Leaders are regularly faced with difficult questions. Often, it's not your answer to those questions, but your delivery that has the most influence on how you are perceived and the impact of your response. Ultimately, how you are viewed in these moments can influence your effectiveness, credibility and future professional growth and development.
I just finished a call with an ambitious, powerful client who was feeling defeated at the conclusion of a high stakes interview process for a big promotion. When the process concluded, she received the feedback that she appeared nervous and uncomfortable, and stumbled when answering a difficult question. Having worked with this client for many years, I am confident that this wasn't a competence issue. A leader in her field, she is often sought out as a subject matter expert.
So what went wrong for this typically confident professional? Several things:
1. She went into the interview nervous, questioning whether she was qualified and could be successful.
2. When the actual question was asked, she immediately started talking, first repeating the question and then stumbling as she got her thoughts in order.
3. When she finally answered the question, her response was strong, but she had already lost her audience and her credibility, due to the distracting lead-up to her answer.
Most of us can relate to what happened to my client. She had an important opportunity that she wanted to go well, and her nerves got the better of her.
Together, we developed a strategy for the next time she finds herself being asked difficult questions in a high stakes situation. Most of us could benefit from following this plan:
1. Affirm your competence and confidence before the big stakes event by briefly focusing on and determining what you want to accomplish and how you want to present yourself. Go in clear about your agenda and desired outcome.
2. Get comfortable with time, breath and silence. Often when we're asked a question, we feel the need to fill the blank space by immediately starting talking. This can lead to that stumbling or 'hemming and hawing'. It's much more powerful to take a breath (which only takes about three seconds. Really, time yourself on your phone.) to give yourself time to think. Then, start your answer with a direct statement instead of "I think, um, well, that is a good question...[your brilliant statement]". Give yourself time and space to get clear on the first powerful message you want to deliver and then let your expertise build on to it.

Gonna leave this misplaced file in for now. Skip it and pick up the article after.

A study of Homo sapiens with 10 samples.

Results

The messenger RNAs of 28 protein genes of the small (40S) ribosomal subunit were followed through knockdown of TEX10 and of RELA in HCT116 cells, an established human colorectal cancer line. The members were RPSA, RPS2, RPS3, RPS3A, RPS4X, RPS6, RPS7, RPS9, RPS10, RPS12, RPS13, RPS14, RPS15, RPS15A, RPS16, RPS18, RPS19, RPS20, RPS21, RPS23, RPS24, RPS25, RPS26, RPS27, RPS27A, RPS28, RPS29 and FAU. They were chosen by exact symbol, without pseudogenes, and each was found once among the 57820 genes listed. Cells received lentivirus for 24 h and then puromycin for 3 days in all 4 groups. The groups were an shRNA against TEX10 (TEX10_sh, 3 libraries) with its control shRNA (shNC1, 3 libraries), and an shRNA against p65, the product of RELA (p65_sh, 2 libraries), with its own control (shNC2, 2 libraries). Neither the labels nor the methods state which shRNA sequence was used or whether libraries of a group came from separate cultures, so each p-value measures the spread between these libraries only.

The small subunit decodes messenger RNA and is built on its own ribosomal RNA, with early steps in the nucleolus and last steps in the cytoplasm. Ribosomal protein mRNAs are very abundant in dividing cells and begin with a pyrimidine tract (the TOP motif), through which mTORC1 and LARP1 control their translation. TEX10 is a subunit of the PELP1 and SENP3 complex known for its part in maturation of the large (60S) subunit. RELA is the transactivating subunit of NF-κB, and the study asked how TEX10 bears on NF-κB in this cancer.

3. Pay attention to your body. When asked the question and while forming that first statement, stay where you are and let your body show that you are a leader. Continue to stand or sit assertively and confidently. Hold your head up and don't fumble, twirl your pen or do anything superfluous with your body. You can be assertive and hold the space as a leader, while you are gathering your thoughts to start your message.
Here's the bottom line: as your leadership opportunities develop, you will be in more situations where you will be asked difficult questions and need to think on your feet. You don't have to know all of the answers immediately. You do need to be able to respond in a way that engenders confidence from your audience that you can handle whatever comes your way. Sometimes it is not about the answer but how you handle the question...usually it is about both.
What are some difficult questions you've struggled with? Please share in the comment section.
Philadelphia-based leadership/executive coach Julie Cohen, PCC, is founder and CEO of Work. Life. Leader., a leadership and professional development program for emerging and developing leaders. She is the author of Your Work, Your Life...Your Way: 7 Keys to Work-Life Balance, and a blogger for Working Mother and a columnist for The Philadelphia Business Journal. Follow Cohen at www.Facebook.com/7Keys or @jccoach on Twitter.